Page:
Hate mail, crappy memories, bad reviews, and others things we love to loathe | Handel Group | Handel Group


Warning: R-rated content.

Ever wonder why no matter how many mean things your mother said to you when you were a kid (or yesterday), you remember only a select few?

Bet you think it’s because, out of the gazillion mean things she said, the particular ones you pocketed were her greatest hits.

Maybe…

Or, ever wonder why when you get fifty plus emails a day, many of which are beautiful and filled with praise and gratitude, you, without fail, only hover around the one bad one you got? You, in fact, hold onto that one bad email like it’s gold. You (fine, me too!) not only talk about it, you dissect it. You feel badly about it and forward it to friends and family. Hell, you practically put glass around it and bring in someone to light it properly.

You even go so far as to use it as an “ah-ha,” as yet another good reason not to X, Y, or Z, ever again.

Kinda pathetic of us, no? Or, maybe it’s just plain sneaky…

Let me shine a light on a recent example of mine.

Several Sundays ago (July 6, 2014 to be exact) the New York Times published a piece in the Style section by a reporter who came to “Campowerment,” my friend’s weekend camp for women. It’s the camp where I regularly lead  a coaching workshop.

Now, in all fairness, we knew the reporter was coming, knew she was writing a piece, and knew that there was risk involved. But, we also knew that the camp, without question, makes a profound difference for so many of the women who participate—so it was way worth the risk.

I mean, how bad could it be?

Just as an aside, the last time I said a goofily optimistic phrase like, “how bad could it be?” out loud, my tire came off in the middle of the Midtown Tunnel the first time I ever drove through the damn thing. Obviously many, many years ago, but as you can see, that memory is also well lit and the pessimism preserved.

Back to camp.

The reticent reporter got there, didn’t participate a ton, and mostly watched and wrote. She sat next to me at the first small workshop I led. She didn’t take a ton of notes. Miraculously, I managed to have fun nonetheless, played, packed a punch, snickered, and coached. Of course, you never know how what I spew will land with everyone, but enough people were still talking to me after, so, how bad could it have been…?

Uh huh.

The article came out. Truth is, it was a huge piece with amazing, fun-filled photos. Sooo, the reporter was a tad mean-spirited (I’m being nice) and so, she may have forgotten to mention that her own mood may have been a bit off and colored the piece (rightfully so, given the fact that her father had passed away just a few days earlier) and she, like the rest of us, really needed the ropes course, color war, and “get-your-sexy-on” session offered at camp. Did my knowing that back story on her help ME when I read a misquote attributed to me from Ms. Thing?

Nope.

Did I walk around being compassionate, understanding, and forgiving?

Nope.

Was I sad, mad, and misunderstood?

Yep.

Were these new feelings for me?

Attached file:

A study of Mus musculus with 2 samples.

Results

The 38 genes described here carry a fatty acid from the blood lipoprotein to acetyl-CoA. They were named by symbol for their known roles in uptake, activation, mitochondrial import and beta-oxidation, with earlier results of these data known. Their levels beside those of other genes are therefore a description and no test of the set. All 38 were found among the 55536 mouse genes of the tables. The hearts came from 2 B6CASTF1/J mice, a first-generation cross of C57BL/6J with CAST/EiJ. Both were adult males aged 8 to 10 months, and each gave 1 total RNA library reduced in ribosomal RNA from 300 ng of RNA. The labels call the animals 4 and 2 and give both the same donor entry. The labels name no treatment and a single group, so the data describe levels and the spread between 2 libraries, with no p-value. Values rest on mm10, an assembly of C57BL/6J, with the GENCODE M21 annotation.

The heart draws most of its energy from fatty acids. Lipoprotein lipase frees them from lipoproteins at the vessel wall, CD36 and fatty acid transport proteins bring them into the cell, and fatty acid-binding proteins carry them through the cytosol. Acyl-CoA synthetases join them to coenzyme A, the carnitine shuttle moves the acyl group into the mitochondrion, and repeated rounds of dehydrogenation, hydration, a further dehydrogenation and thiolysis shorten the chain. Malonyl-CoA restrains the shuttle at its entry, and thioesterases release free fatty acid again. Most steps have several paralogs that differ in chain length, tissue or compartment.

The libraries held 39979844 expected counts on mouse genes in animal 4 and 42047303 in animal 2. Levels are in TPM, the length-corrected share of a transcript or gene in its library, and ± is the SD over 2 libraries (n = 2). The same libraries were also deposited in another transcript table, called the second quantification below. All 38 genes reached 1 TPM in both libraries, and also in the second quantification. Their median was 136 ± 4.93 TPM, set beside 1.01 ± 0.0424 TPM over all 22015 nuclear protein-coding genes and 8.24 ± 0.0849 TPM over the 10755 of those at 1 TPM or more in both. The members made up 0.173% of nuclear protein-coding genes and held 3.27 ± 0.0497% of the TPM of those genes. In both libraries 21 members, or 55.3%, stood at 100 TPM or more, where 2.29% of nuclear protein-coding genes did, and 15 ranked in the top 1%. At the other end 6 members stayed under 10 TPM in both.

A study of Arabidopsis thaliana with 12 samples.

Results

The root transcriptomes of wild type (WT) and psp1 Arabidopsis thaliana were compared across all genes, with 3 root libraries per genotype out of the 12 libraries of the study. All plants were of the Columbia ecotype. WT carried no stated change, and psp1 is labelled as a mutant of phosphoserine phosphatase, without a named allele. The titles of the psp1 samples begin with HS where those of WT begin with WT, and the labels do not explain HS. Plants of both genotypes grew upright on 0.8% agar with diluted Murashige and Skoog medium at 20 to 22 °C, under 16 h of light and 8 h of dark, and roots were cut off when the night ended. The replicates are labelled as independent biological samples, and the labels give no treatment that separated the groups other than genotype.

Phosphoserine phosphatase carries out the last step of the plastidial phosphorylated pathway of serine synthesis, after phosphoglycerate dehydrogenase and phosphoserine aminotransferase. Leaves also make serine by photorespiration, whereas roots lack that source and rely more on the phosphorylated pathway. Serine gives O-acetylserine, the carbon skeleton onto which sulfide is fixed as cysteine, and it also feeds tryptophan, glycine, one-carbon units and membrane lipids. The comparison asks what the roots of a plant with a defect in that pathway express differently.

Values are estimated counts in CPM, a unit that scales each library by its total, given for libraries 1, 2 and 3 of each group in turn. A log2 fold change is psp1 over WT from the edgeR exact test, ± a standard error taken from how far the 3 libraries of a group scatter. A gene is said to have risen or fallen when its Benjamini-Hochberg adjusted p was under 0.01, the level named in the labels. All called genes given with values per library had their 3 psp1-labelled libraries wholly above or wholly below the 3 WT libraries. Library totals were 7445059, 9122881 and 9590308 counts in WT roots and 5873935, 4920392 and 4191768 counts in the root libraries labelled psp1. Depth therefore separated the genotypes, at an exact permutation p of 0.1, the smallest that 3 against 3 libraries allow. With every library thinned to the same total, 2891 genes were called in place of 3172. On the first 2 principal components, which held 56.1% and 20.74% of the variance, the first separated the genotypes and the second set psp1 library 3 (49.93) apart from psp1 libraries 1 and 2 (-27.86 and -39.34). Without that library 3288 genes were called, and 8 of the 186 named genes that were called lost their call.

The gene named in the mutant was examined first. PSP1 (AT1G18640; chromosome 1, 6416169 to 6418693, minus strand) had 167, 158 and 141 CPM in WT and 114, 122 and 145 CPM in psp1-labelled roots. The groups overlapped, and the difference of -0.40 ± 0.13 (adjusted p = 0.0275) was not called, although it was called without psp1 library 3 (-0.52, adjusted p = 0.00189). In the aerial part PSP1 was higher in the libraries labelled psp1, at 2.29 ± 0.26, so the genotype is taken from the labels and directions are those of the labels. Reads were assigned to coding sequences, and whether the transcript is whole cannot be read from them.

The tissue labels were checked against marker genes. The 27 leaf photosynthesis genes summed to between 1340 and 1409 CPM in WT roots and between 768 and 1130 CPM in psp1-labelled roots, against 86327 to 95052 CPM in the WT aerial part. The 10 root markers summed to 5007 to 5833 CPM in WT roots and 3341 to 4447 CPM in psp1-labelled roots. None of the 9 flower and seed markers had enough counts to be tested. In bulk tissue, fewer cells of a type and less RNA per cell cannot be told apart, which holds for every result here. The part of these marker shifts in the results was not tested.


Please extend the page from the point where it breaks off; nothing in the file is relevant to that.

Nope.

Did I keep the article, figuratively and literally?

Oh, yep.

Okay. So, though I did not exactly laminate the article, I did keep the piece, because magically (not really) masochistically (certainly) and sneakily (but of course) it was useful. Not so much in the kindling-sense, but more so, sneaky-me used the article to prove some of MY own theories about myself, about the world and all it’s unfairness and lack of appreciation of me.

But did her two or three lines tops (no kidding) about me really prove me right about the world?

Sure, her misquoting me about vomiting your dreams on paper and putting a Valley Girl-like “like” before my misquote easily let me host my own pity party. But truth be told: one, I do say “like” a lot. And, two, why is it that only I can make fun of myself? And three, it REALLY could have been worse! She could have also put “um” in there too, ‘cause for shift sure I say it a lot, possibly more than I say “like.”

Sure, she messed with the truth, took me and many others out of context, but couldn’t I have ALSO taken the fact that I was even being quoted in the New York Times at all as evidence for a new X, Y and Z?! Namely, my bravery, my leading, my risking being liked (or not liked) for something bigger, for making a difference in people’s lives?

But, is that the evidence my sad wimp wants to garner?

Nah. If I can prove my age-old favorite theories of unappreciated, misunderstood and now my new one – misquoted, do I have to go back to camp? Lead again? Let a reporter sit spitting-distance from my cursing mouth?

Take a look at your own version of this.

You, I promise, have a list of hurtful things important people in your life have said. What if you pocketed the ones you did because you, in some way, agreed with them, they were somehow useful, they were, quite possibly, yours to begin with?

We’re that smart and that sneaky of a species. Had the reporter called my backside big, would it have hurt? Only if I thought so too. If I point ONLY at the snarky reporter and use what she said to never be generous, and certainly never be center stage again, is it really the reporter who’s looking to get me out of doing brave big things again or is it me?

Like, um, nice try.

Love,
Marnie

P.S. Sleepaway jokes aside, Campowerment is one of my favorite things to do in the world. A couple of times each year I get to go play and coach with an amazing group of women. And YOU could come! Learn more and register for the upcoming Campowerment weekend in the Pocono Mountains Sept. 14-17.